If Manchester City's current manager, Pep Guardiola, remains the focus of attention for many millions of football supporters who admire the cerebral ebb and flow of his tactical gymnastics, he is not the first wizard of the chalkboard to walk the corridors at City.
Ninety years ago to the day, Malcolm Allison was born and, after a truncated playing career at West Ham, where tuberculosis brought his career to a premature end, he took to management like the proverbial duck to water.
Allison had always been an aficionado of tactical analysis, chairing -- as a player -- enthusiastic talk-ins at Cassettari's, a dreary formica-topped eatery a stone's throw from the old Upton Park in East London. There his teach-ins, shuffling salt and pepper pots around the crowded table, would enthuse a wave of future coaching talent in the shape of Noel Cantwell, Ken Brown, John Bond, Phil Woosnam and Frank O'Farrell.
His love of the Hungarian national side of the mid-'50s held him out as a visionary in a period when few English coaches were looking beyond the end of their own noses for tactical inspiration.
It is almost impossible to understate the worth of this man to the development and linking of coaching finesse, acceptance and modification of continental European strategies, diet and well-being of athletes to the domestic English game. While most coaches were wearing trilbies and cooking omelettes, Allison strode the touchline in a fedora and sheepskin coat with a recipe book from La Gavroche. The Havana cigars and the omnipresent after-match bottle of Veuve Cliquot only served to make him more fascinating, more revered and more sexy.
What Arsene Wenger brought to mid-'90s Premier League England, Allison had been doing in 1968. Dance sessions, balance technique, dietary requirements, individual coaching for goalkeepers and for stamina, Allison had the lot on the menu at City in the late '60s.
Allison brought entertainment, success and swashbuckling football to a Maine Road creaking and cracking, to a City bankrupt of ideas and bereft of hope. The club was hemorrhaging support by the week, a paltry number watching the infamous home match against Swindon Town in January 1965, when the club's fortunes were at their lowest ebb.
By the time Allison teamed up with Joe Mercer, the black curtains were about to be drawn. Within months colour flooded back into the lifeless body and the sky blue half of the city awoke to a period of laughter and unbridled triumph. Allison brought in a new away kit: the iconic red and black stripes of Gianni Rivera's Milan, he ushered in an era dripping with silverware, a dare and do mentality. The golden age that followed -- a League title, an FA Cup win, a League Cup success and the capture of the European Cup Winners' Cup -- was owed entirely to Allison and Mercer.
A misunderstanding with Mercer about job titles and responsibilities led to the great partnership foundering in 1972, but Allison returned to Manchester in 1979, ready to foist a new set of ideas on his adoring public. Replacing a squad of internationally proven stars with expensive unknowns would be his undoing and he left City bankrupt and preparing for the drop into the second division for the first time since he had taken over the first time in 1965.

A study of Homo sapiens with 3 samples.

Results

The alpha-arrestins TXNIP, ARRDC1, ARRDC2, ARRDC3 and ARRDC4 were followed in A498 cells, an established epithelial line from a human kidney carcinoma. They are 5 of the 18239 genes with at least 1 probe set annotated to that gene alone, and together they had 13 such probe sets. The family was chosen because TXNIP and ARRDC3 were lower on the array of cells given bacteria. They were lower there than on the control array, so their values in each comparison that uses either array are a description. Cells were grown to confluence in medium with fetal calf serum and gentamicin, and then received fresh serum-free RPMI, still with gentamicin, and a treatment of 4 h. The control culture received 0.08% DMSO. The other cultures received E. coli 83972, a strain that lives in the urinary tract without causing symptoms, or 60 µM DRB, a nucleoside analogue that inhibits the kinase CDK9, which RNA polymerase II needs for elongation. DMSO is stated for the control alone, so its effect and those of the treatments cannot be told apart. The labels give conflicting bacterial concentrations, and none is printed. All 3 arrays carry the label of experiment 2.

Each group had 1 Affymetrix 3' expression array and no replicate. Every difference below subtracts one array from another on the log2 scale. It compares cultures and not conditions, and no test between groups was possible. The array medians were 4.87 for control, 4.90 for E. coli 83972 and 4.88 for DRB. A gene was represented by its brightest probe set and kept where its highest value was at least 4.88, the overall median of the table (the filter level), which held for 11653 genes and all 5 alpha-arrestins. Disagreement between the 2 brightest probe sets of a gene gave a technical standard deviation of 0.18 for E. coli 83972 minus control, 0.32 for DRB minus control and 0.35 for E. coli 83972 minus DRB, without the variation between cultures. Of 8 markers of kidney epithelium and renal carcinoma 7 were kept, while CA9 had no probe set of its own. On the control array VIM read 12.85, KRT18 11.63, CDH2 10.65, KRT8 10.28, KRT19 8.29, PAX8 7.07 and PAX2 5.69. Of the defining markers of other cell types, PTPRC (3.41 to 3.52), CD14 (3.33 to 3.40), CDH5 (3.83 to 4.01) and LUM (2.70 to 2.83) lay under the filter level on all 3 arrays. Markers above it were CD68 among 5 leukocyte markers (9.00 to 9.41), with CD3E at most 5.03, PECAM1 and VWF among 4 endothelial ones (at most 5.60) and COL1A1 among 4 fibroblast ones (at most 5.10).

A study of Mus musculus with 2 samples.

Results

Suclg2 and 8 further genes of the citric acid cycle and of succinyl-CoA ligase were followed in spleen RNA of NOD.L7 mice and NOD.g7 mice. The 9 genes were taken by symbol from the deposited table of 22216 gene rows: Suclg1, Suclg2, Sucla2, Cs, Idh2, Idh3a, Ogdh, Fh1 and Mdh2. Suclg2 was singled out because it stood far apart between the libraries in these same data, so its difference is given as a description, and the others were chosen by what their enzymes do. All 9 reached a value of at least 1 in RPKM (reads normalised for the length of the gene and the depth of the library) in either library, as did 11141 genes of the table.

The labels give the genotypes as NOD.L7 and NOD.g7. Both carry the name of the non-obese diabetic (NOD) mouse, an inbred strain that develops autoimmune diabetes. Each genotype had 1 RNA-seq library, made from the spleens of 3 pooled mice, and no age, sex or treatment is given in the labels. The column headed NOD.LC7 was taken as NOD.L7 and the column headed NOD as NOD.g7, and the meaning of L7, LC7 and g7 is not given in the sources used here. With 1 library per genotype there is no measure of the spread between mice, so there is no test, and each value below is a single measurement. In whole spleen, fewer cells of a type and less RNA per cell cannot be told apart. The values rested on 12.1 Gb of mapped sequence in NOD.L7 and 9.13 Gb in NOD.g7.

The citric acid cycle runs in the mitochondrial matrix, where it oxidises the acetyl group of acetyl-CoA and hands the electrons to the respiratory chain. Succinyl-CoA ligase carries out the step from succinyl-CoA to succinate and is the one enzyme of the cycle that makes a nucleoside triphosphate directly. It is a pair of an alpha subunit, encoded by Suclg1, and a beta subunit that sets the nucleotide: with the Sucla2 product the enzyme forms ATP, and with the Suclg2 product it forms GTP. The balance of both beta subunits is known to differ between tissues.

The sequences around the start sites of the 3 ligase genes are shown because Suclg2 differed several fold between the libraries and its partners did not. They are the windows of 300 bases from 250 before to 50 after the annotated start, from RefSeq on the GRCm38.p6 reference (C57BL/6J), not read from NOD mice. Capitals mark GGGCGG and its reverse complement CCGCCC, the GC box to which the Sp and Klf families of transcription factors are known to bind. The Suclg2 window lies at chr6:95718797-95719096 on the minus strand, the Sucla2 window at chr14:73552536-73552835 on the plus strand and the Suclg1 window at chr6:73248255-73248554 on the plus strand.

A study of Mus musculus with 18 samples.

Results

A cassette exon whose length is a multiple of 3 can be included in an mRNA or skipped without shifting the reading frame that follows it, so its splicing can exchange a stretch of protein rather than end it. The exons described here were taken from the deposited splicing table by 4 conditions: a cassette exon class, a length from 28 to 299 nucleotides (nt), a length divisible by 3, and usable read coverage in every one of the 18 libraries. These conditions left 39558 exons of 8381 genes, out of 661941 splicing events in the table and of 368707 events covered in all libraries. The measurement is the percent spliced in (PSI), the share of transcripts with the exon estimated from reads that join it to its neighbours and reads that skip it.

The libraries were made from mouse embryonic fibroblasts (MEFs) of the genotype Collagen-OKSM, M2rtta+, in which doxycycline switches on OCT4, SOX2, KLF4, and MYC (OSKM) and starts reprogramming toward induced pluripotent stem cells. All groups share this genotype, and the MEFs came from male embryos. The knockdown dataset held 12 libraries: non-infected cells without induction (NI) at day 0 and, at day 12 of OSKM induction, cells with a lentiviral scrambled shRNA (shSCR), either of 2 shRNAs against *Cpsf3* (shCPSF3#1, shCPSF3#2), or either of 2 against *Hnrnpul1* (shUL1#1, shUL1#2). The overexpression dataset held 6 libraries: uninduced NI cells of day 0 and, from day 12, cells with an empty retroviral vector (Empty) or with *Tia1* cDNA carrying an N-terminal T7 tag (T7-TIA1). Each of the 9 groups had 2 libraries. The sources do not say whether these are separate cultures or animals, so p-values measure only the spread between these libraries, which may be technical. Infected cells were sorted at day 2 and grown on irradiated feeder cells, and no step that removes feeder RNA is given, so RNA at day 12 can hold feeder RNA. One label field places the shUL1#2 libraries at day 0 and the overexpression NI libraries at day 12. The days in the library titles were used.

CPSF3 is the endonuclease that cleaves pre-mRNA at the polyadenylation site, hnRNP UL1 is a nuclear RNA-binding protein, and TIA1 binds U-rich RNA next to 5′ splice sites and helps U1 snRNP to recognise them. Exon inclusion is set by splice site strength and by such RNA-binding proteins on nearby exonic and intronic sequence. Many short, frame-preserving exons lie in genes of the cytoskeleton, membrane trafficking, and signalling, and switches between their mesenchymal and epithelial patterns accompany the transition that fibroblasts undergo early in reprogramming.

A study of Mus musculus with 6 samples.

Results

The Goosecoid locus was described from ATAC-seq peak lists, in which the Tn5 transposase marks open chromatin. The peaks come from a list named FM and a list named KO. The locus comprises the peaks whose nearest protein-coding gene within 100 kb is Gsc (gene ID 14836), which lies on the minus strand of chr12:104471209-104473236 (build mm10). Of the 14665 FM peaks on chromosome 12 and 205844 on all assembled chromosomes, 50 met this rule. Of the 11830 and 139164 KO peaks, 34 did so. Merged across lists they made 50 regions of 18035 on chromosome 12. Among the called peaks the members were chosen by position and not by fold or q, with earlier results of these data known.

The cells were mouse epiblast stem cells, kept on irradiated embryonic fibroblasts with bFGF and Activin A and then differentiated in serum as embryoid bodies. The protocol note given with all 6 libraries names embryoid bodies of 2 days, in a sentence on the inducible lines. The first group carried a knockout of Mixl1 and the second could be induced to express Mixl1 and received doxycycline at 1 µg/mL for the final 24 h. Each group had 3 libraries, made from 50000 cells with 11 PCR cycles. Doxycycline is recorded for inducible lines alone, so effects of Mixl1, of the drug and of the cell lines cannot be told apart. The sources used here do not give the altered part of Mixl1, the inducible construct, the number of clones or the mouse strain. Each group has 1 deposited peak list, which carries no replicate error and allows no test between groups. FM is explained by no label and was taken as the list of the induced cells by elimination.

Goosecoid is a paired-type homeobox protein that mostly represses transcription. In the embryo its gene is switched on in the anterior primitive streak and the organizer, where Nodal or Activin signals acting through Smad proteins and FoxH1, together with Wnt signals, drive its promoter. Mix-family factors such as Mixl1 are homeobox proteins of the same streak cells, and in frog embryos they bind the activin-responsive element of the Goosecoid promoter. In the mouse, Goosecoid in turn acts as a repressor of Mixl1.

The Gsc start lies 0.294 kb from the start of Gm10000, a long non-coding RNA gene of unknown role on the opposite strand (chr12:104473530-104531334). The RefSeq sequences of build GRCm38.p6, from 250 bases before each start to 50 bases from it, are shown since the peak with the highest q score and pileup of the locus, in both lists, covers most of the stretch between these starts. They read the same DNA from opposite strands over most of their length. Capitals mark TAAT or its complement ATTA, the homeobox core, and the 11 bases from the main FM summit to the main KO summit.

His days in England were coming to an end. Taking Crystal Palace down into the third division further sullied his grand reputation, but there was to be one last glorious chapter for Allison.
Interviewed for the vacancy at an increasingly desperate Sporting Clube de Portugal, Allison got the job and in 1981-82 set about resurrecting that grand old club's reputation in one fell swoop. He would become the last coach to this day to carry Sporting to a league and cup double. He could do no wrong in the eyes of an adoring public at the cavernous bowl of the Estadio Jose Alvalade.
Sadly, his off-field fondness for the high life would bring his time in Lisbon to an abrupt close, but there would be one last chance for Allison to stamp his indelible mark of quality and uniqueness on the modern game.
Once more down on his luck, he was offered the post of coach at Vitória de Setubal, a club whose own fortunes matched Allison's. Relegated to the Portuguese second tier, crowds were dwindling and optimism was thin on the ground. Allison dragged the club back into the big time with his own brand of fearless, technically adept football.
Around this time his goalkeeping coach, Mourinho Felix, began bringing his son to Allison's training sessions. The young lad, already deeply fascinated by sports science, watched Allison's sessions in open-mouthed awe.
City fans may not like to hear it, but that young man, who went on to manage Porto, Chelsea, Internazionale, Real Madrid and now their arch rivals United with such arrogant aplomb has more than a little of Allison's swagger and mischief about him.